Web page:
African governments that seek to promote sustainable development, will not permit mining in protected areas under any circumstance, especially in forest reserves, Mr Kwasi Adu-Amankwah, General Secretary of the International Trades Union Confederation (ITUC) has said.
He said recent natural disaster around nuclear plants in Japan gives enough reason for global concerns about economic development and environmental issues.
Mr Adu-Amankwah was speaking at the Fourth Sub-Regional Conference of the International Federation of Chemical, Energy, Mine and General Workers Union (ICEM) in Accra.
The event attended by participants from 20 African countries, was hosted by the Ghana Mines Workers Union of the Ghana Trades Union Congress to review past activities and to suggest ways that would help members to promote the concept of sustainable development in member countries through building vibrant unions.
It was under the theme: “Building Strong Unions for Sustainable Development.”
Mr Adu-Amankwah charged trade unions directly operating in the mineral, oil and gas sectors under the umbrella of ICEM to hold their managements and shareholders accountable to address the negative effects of natural resource exploitation.
He said that would ensure that the “creation of employment for them does not result in the destruction of livelihoods of indigenous people, pollution of water bodies, degradation of the environment, violation of the rights of citizens and leave massive negative legacies for generations after us.
“We have a responsibility to ensure that the exploitation of the natural wealth of our countries do not turn into a curse for our people” and reiterated the need for a strong union to achieved that.
Mr Adu-Amankwah said weaknesses such as lack of due attention to recruitment, low level of internal democracy, undue competition among union leaders, and complacency among union leaders should be resolved in the unions.
He said though solutions to the weaknesses were not far-fetched, the missing link for the unions was in large measure how they should apply themselves to walk their talk and to implement the remedies that could help them to meet the challenge of building strong unions that were well positioned to serve the interests of workers.
Mr Adu-Amankwah called on unions to rededicate themselves to the task of building strong bodies and a vibrant labour movement for their countries and Africa as a whole.
“In doing so, we must work in ways that do not isolate us, but move us towards the building of alliances with other contingents of civil society for the common purpose of seeking development and progress”, he said.
Mr Adu-Amankwah said multinational companies operating in developing countries took advantage of the weak negotiating capacity of the host countries and negotiated fiscal regimes that provided them with incentives that were normally described as too generous to offer tangible and sustainable benefits to affected communities and the countries that played host to them.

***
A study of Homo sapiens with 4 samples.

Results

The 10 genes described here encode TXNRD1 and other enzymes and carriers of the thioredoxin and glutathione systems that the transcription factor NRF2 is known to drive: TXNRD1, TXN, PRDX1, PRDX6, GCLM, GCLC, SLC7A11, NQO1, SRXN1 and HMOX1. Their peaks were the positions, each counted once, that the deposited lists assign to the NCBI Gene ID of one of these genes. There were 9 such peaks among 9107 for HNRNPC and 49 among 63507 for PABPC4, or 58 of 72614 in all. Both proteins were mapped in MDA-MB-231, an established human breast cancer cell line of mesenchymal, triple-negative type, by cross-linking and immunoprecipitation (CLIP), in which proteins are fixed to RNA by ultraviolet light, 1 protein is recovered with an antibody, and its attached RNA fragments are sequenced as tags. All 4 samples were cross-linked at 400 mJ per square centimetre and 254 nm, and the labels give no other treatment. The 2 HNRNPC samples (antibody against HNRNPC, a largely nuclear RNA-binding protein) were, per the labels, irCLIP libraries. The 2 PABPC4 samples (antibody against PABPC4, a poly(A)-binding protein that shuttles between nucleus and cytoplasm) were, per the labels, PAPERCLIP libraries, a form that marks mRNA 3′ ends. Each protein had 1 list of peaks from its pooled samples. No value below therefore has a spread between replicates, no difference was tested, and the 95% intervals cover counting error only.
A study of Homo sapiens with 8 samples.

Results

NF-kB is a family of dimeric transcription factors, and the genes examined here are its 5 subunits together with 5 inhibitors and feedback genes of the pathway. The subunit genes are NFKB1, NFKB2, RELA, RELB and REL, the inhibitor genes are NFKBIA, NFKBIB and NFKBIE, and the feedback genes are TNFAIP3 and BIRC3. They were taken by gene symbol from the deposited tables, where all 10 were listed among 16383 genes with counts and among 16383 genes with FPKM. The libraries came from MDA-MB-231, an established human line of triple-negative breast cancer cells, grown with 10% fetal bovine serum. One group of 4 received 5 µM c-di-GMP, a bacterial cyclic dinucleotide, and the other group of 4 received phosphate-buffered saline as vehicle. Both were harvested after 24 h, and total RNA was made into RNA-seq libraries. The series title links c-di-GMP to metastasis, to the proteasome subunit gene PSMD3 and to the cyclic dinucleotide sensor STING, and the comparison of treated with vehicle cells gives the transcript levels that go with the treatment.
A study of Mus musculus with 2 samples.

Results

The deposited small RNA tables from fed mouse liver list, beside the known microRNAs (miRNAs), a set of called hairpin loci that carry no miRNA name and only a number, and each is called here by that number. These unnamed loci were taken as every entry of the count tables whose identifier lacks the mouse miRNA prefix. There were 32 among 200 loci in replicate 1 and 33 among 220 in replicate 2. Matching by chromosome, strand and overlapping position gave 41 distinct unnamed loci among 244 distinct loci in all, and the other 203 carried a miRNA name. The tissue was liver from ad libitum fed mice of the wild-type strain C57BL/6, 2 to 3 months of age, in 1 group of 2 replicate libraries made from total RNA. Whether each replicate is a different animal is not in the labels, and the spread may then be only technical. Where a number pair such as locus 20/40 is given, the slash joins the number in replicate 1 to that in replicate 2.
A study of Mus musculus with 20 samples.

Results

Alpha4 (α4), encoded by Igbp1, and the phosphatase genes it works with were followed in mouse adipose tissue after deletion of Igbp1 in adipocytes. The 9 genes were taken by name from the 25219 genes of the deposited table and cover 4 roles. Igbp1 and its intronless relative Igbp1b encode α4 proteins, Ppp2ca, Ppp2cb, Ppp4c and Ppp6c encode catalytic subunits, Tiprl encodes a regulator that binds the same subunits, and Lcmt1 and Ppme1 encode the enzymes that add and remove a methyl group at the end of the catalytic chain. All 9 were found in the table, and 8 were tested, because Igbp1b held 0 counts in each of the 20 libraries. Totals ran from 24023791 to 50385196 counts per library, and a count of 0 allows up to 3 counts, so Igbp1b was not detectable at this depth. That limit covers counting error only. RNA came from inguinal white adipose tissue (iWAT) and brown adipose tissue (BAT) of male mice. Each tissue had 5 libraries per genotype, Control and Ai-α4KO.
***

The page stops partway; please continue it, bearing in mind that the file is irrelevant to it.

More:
Citing Ghana as a classic example, he said, the Minerals and Mining Act, 2006(Act 703) provides that mining companies pay three per cent to six per cent of their gross revenues from mineral sales as royalty, but added that until recently when the government of Ghana increased the royalty rate to five per cent, all the mining companies were paying the minimum of three per cent royalty rate.
Mr Adu-Amankwah indicated that even with the increase in royalty by government, the giants among them have resisted payment of the five per cent royalty by invoking the stability agreements that government had signed with the companies to maintain the fiscal arrangement for about 15 years.
For many of our countries, he noted that royalties constituted the most reliable source of revenues that accrue to governments from the mineral sector, which enjoys exemptions from custom duties on equipment for mining and other benefits such as capital allowance.
Mr Senzeni Zokwana, ICEM President, stressed on the need to build strong and sustainable unions in member countries, which should be able to insulate unions from governmental influence and control.
He said events in Libya, Ethiopia, Tunisia, Egypt and elsewhere were disturbing and the unions should take interest in governance but that would depend largely on how formidable they would be.
Mr Kofi Asamoah, Secretary General of the Ghana Trades Union Congress, said Sub-Saharan African could not have peace, security and life worthy of human beings, unless and until social transformation in society was attained.
He said challenges of social transformation of societies were even more difficult in the era of globalization where authority of the neo-liberal ideology sought to present itself as an unchallenging law of nature.
Mr Asamoah called on workers in Africa “to think more critically about the frightening but not impossible to solve tasks that confront workers and all working people in the sub-Saharan Africa.
“It is the historical obligations of trade unions. But we can do so and only when we build a strong unions.”